Yesterday, Oculus Rift received a hefty, surprise price cut that knocked the VR headset and its Touch controllers from $800 USD to $600. The headset itself has dropped to $500, while Touch will now cost $100, down from $200. You can also pick up an additional Oculus Sensor for $59.
The news came from Epic’s keynote at GDC 2017, where Oculus’ co-founder Brendan Iribe said the following:
“There are two driving components to get VR out to as many people as possible,” Iribe told attendees. “One is content… We think we have content pretty well covered now. There are over 100 touch titles available today, hundreds more Rift titles and a lot more coming. There’s thousands of hours of gameplay available right now on the Oculus platform.
“The next component to driving VR success is lowering the barrier to entry and making it more affordable to getting everyone into VR. To achieve this, our operations team has been working with suppliers to drive down the cost.
“We’re thrilled to bring down the price. There has never been a better time to get into VR and we’re just getting started. Oculus and Facebook are committed for the long term. We’re going to be investing in VR for decades to come.”
In an interview with GameSpot, Oculus VP of content Jason Rubin, in the wake of the price drop announcement, was asked whether or not the headset is now selling at a loss. To this, Rubin responded:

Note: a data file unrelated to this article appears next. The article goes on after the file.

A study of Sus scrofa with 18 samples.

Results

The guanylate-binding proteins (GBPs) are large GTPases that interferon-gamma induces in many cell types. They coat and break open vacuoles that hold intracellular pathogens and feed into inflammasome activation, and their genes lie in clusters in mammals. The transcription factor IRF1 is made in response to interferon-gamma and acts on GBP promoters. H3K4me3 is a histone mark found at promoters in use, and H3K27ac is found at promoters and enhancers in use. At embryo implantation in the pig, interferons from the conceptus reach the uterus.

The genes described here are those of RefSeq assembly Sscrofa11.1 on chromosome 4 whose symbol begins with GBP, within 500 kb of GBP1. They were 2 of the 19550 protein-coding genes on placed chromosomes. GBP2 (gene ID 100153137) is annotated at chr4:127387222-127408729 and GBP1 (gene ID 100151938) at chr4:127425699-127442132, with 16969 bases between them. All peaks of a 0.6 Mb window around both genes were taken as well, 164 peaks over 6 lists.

“We don’t discuss specific pricing, but we’ve been very clear from the beginning that making money on early units is not what we worry about. What we worry about in the long run is getting VR to the widest possible number of people. If you think about Facebook as a company, Facebook was not worried when it had its 50th user–whether that user was monetizing, in the parlance of Silicon Valley. They lost a ton of money–not that we are–but Facebook did to get to scale. Once they got to scale, look at the business that’s been built.”
In the same interview, Rubin went on to talk about the importance of driving the price of the Rift and PC hardware down, and how it can have a positive snowball effect on the Oculus business going forward. Rubin, specifically, said the following:
“[A]s we push PC pricing down, more people will walk out of the stores after a demo with the hardware. That means more people will be buying software, which means good things for developers, which means more developers come, which means more consumers come to keep bringing their price down, [to] keep filling the store.”
“Mark [Zuckerberg] believes that VR is the next computing platform. For it to be the next computing platform, it has to be in large scale, scale like mobile phones. To get to that, we have to push on price. We have to push on content. So that’s really what’s important to us.”
Not long after the announcement of the price-cut, HTC, Oculus’ main competitor in the PC VR space, responded by explaining that the Vive’s performance at market to date doesn’t call for a price cut. The company told Upload VR the following:
“We don’t feel the need to cut the price of Vive. We’ve had incredible success, and continue to see great momentum in market.”
To date, neither HTC nor Oculus have released official sales figures for their hardware. Meanwhile, in the console VR space, Sony has revealed its numbers for PlayStation VR, which has sold over 900,000 units to date and has beaten sales projections.